REPUBLICANS HAVE ALMOST AS MANY facile explanations for President Clinton's success as he does for the allegations against him. They credit -- i.e., blame -- his personal emotive skills, shameless dissembling, and sheer good luck. They complain about a biased press, that hoary excuse for conservative failure, while accepting the conventional wisdom of that same press about their "overreaching" during Newt's Days of Rage in 1995. They console themselves with Republican electoral victories in state capitols and in Congress and brag that they are setting the agenda, that the tides of history are still on their side.
But Republicans don't really believe their own bluster. Just look at their legislative calendar, with its record low number of days in session. It's a schedule that reflects a congressional majority more worried about the November elections than confident about its ability to enact laws. Legislatively, conservatives are going to spend most of this year playing defense, blocking bad ideas on the minimum wage, campaign-finance reform, health care, and spending.
Nobody in the GOP can be happy with this state of affairs. Not the congressional leaders, not the back-benchers who hold those leaders in contempt, not the activists who will probably soon weary of the backbenchers too, not the conservative voters who wonder why nothing much is happening.
Perhaps all of them should, for the first time, consider the possibility that it is the substance of Clinton's politics that accounts for his success and the Republican paralysis. Political observers tend to scoff at the notion that Clinton's politics has any substance. But Clintonism exists, and it is both a reasonably coherent program and a powerful political formula. So powerful that it may outlast Clinton himself.
If one were to define Clintonism in a phrase, it would be something like " cultural moderation combined with government activism for the middle class." Clintonism differs from McGovern-Dukakis liberalism in that it coldly jettisoned the latter's cultural baggage on race, sex, crime, and welfare. But Clintonism is not the same as the politics of a New Democrat, since it demagogically opposes entitlement reform and indeed seeks to extend the entitlement strategy of hooking the middle class on government.
Clinton ran on this platform in 1992 and won. During his first two years in office, he wandered away from it -- think of gays in the military, Joycelyn Elders, the urban stimulus, and crime bills -- and Democrats paid the price. He returned to the successful formula defensively in 1995-96, and more aggressively since then. It has worked like a charm.
Its success should have taught conservatives that they have overestimated public resistance to big government per se; what the public rejects is big government tied to liberal cultural values. By breaking that link, Clinton is relegitimizing government activism. It's on probation now, so the president must think small, but several more years of good behavior will earn it freer rein. If the Democrats keep practicing Clintonism, they will be able to move on to the more ambitious projects of which they never seem to have a shortage.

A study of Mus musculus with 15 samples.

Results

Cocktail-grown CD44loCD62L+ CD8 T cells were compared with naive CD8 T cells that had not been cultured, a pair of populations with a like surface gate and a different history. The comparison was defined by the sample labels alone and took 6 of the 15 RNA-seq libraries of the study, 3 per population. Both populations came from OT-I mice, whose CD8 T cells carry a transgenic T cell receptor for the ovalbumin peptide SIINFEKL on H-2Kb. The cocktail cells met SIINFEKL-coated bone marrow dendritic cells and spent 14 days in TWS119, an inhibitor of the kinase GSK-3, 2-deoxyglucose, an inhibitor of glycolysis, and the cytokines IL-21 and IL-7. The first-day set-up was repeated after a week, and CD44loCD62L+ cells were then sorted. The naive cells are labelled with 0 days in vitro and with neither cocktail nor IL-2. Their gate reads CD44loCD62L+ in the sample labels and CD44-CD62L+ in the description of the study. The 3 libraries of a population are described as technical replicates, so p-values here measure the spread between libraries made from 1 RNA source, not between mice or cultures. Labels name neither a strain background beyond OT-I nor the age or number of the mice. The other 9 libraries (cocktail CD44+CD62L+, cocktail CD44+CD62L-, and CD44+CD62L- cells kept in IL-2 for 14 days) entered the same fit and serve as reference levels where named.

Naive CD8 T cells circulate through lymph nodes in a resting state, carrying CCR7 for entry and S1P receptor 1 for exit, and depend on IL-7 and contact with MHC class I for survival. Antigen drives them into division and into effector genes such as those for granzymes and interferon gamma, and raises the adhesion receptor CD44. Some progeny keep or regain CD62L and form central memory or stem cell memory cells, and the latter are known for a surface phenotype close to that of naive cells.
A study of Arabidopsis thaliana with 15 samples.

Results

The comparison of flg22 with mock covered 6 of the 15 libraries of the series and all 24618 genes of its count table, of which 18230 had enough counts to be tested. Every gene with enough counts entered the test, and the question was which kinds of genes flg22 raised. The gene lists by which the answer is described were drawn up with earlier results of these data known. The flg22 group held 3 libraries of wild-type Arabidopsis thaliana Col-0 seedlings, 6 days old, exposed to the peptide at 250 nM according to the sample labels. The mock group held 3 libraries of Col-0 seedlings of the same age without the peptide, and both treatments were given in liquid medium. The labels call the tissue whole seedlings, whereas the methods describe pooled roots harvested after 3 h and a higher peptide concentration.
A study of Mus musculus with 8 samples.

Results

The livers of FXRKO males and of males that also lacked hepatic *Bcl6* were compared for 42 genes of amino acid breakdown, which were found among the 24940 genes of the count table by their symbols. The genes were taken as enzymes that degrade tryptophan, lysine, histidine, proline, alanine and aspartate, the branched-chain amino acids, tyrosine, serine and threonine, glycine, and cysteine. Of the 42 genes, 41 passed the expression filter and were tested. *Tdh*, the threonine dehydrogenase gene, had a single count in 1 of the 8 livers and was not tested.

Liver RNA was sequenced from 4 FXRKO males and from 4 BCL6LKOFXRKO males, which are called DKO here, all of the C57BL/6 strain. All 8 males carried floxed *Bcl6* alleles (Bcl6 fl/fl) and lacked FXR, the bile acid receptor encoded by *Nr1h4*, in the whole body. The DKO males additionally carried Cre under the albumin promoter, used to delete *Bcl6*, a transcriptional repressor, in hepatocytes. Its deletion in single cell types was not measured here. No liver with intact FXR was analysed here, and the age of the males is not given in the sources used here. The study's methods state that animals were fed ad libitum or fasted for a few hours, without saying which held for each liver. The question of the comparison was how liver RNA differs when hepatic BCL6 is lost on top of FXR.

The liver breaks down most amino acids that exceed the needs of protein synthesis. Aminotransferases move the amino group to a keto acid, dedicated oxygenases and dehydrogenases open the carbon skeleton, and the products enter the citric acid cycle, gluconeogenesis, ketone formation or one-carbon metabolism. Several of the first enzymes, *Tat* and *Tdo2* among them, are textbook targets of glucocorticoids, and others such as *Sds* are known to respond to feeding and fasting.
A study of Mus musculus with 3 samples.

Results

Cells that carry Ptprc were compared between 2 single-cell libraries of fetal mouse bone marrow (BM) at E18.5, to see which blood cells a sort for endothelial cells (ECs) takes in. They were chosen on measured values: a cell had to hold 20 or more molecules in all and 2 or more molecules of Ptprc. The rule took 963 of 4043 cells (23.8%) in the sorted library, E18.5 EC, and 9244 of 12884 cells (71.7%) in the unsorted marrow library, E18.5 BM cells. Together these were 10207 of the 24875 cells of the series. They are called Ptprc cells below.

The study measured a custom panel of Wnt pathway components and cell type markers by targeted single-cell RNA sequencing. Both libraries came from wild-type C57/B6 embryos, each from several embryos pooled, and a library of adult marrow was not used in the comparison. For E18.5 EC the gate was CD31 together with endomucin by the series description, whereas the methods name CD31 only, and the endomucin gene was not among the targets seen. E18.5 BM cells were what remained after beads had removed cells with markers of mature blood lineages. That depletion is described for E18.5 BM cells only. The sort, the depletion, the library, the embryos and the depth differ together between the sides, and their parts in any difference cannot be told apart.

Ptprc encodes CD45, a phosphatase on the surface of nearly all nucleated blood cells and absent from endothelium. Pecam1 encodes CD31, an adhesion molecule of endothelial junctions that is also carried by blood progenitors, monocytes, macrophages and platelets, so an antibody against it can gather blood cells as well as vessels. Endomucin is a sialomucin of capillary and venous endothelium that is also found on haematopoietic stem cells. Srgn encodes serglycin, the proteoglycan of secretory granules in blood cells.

Republicans have responded to Clintonism by grabbing the nearest security blanket: the memory of Ronald Reagan's career. But they have in fact misremembered that career. Many Republican officeholders, thinking of Reagan's geniality and optimism, have adopted a politics of blurred edges and feel-good gestures that is actually modeled on Bill Clinton. The logical candidate of the Clinton Republicans is Elizabeth Dole, someone with no distinct political profile who can run for talk-show-host-in-chief.
A second response, favored by conservative activists and intellectuals, cites Reagan's fixed ideological positions, but in fact harks back to Barry Goldwater. Reagan applied conservative philosophy to specific problems facing the country in the late 1970s: stagflation, the energy crisis, the Soviet threat. Goldwater offered a set of Platonic ideals culled from conservative philosophy and blissfully unrelated to whatever conditions happened to obtain in America in 1964.
Today's conservatism has again become anti-political in this sense, offering solutions in search of problems. The flat tax is a prime example. If the problem is inefficiency, it's hardly an urgent one; and if it is the tax code's complexity and compliance costs, simplification need not involve a single rate or lower taxes on savings. This is not necessarily to deny that the flat tax is desirable as an ideal, but to say that its present advocates are engaged in something other than politics. The logical candidate of the Goldwater Republicans, it need hardly be added, is Steve Forbes.
Some intellectuals will doubtless be tempted by this dismal scene to fashion a big-government conservatism. But a better alternative would be for conservatives to relearn how to think politically. And a first step would be to realize that Bill Clinton's two election victories were not just blips on a conservative trendline.
Ramesh Ponnuru is national reporter for National Review.